Crouching Tiger, Hidden Hurler
In case you hadn’t heard enough about the Tigers lately due to some play involving their star first baseman wanting a piece of some history-making action and intercepting a routine grounder to second which set off a series of events that evolved into one of the more compelling controversies in years …I decided I’d give them some more attention.
It seems as though almost every member of the Tigers roster has made waves in the fantasy world this year for one reason or another, as the team has been written about ad nauseum. Well despite all this, one notable name from the past has managed to fly under the radar in Detroit while reemerging as a fantasy force over the last month. His name is Jeremy Bonderman and you can find him at your local waiver wire in 88 percent of Yahoo! leagues.
Bonderman struggled through just 81 2/3 innings from 2008-2009 due to Thoracic outlet syndrome, which as you obviously already know consists of
“A group of distinct disorders involving compression at the superior thoracic outlet that affect the brachial plexus (nerves that pass into the arms from the neck) which may be caused by movement of the clavicle and shoulder girdle on arm movement or by abnormalities or enlargement of the various muscles surrounding the arteries, veins, and brachial plexus.”
Indeed, Wikipedia. Indeed..
No matter what you can make of that, it sounds like a pretty awful thing for someone who uses his arm to throw a really hard spherical object for a living to deal with. Rangers catcher Jason Saltalamachia currently suffers from the same condition and couldn’t even throw the ball back to the pitcher this season. But somewhat miraculously, Bonderman has recovered and is looking good as new.
In 35 innings since May 1, the right-hander has pitched to a stellar 1.80 ERA with a 1.17 WHIP and 27/9 K/BB ratio. His last start, a solid eight-inning performance against the Indians on June 1, was his longest outing since July of 2007. After struggling with his velocity over the last couple years, Bonderman’s sinking fastball has been popping around 92-93 mph consistently, getting stronger as the season has progressed. As a result, the number of groundballs he induces have been increasing, culminating in a 1.24 groundball-to-fly-ball ratio over his last two starts. This is what you want to see from a starter whose most successful season in the bigs undoubtedly came in 2006, the only year his GB/FB ratio eclipsed one.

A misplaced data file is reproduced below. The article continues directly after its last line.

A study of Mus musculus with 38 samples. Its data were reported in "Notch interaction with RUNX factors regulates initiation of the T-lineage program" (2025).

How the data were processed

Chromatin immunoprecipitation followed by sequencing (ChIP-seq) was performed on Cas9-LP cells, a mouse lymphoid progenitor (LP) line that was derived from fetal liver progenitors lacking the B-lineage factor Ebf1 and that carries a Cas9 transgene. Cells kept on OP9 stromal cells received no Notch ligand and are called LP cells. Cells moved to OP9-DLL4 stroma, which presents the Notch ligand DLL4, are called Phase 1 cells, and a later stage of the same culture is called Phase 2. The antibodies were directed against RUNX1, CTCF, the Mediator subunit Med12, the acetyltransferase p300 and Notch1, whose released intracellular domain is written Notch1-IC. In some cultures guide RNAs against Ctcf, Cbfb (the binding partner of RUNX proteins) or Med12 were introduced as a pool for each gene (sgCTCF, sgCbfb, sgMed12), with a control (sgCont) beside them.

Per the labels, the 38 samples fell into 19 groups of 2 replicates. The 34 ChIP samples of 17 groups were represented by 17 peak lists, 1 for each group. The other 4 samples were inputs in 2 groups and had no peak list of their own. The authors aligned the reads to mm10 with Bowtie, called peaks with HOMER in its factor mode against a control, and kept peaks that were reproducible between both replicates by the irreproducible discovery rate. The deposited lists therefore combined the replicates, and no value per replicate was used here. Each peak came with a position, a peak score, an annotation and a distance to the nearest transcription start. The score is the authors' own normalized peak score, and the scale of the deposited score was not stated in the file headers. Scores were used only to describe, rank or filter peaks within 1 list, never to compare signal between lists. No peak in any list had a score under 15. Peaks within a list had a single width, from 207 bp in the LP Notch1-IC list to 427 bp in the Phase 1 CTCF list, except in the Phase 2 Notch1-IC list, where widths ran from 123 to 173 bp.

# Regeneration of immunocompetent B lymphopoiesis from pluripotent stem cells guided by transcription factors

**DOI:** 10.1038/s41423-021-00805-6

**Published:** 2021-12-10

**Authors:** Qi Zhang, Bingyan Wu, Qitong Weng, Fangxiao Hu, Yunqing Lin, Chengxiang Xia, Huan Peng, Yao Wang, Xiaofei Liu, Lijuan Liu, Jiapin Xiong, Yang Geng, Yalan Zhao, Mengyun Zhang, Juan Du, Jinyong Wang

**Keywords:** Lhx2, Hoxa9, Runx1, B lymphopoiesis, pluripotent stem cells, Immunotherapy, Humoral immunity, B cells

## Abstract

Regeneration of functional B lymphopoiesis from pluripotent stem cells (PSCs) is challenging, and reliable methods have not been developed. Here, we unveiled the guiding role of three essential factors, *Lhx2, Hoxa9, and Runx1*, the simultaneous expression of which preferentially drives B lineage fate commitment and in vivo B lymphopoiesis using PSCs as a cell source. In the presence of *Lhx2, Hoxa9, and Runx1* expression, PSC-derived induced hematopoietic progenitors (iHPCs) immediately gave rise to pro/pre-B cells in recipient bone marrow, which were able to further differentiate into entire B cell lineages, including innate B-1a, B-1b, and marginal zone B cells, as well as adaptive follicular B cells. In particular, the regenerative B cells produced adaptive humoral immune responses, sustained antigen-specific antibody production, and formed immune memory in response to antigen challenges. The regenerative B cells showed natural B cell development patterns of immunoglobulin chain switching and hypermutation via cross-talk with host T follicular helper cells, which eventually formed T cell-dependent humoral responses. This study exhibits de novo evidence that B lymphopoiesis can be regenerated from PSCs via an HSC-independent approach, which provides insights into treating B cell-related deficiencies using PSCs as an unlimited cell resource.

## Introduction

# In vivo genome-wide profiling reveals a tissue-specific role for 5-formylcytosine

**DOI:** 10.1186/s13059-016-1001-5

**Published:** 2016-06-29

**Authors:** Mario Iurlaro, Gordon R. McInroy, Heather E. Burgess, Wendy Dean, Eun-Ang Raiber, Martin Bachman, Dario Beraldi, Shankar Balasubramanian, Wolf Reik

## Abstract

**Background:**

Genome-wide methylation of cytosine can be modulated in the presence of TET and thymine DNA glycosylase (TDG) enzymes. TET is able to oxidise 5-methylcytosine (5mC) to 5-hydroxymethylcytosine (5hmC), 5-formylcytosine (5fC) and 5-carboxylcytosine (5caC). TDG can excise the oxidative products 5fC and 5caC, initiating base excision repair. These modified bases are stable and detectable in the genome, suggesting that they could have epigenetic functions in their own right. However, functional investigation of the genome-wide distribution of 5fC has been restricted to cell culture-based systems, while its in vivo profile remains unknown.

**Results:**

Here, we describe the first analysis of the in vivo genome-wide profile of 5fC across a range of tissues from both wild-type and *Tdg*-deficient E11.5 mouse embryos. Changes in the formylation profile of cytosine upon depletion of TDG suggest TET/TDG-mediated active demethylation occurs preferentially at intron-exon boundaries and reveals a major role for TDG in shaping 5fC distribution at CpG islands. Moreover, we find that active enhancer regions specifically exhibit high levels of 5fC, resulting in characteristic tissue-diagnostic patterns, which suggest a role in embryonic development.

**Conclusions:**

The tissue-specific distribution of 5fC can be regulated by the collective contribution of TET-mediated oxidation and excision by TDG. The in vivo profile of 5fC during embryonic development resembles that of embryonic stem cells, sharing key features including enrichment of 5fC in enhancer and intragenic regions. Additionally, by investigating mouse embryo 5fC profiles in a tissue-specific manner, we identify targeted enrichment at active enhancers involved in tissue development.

You may be amazed to learn that Bonderman is still only 27-years-old, probably because he pitched his first full season at the tender age of 20 over 1,000 innings ago way back in 2003. This may also explain why he’s experienced a myriad of arm injuries, including elbow issues in 2007. (Side note: after observing Bonderman’s plight, wouldn’t you think the Tigers would be treating 21-year-old Rick Porcello and his current 5.25 ERA a little differently?)
Anyway, the unquestionably talented and formerly productive Bonderman finally appears back to full strength and there’s no reason why he shouldn’t be able to achieve his potential. In that banner year of 2006, he won 14 games and struck out 202 batters, which gives you an idea of what he’s capable of. His ERA probably won’t get much better than the high threes, but should be lower than that when pitches against the Royals on Sunday who’ve scratched out just 14 runs over their last six games.
So grab him before then, because thanks to Jim Joyce, Miguel Cabrera, Austin Jackson and a bunch of other Tigers hoopla, it’s likely no one else will.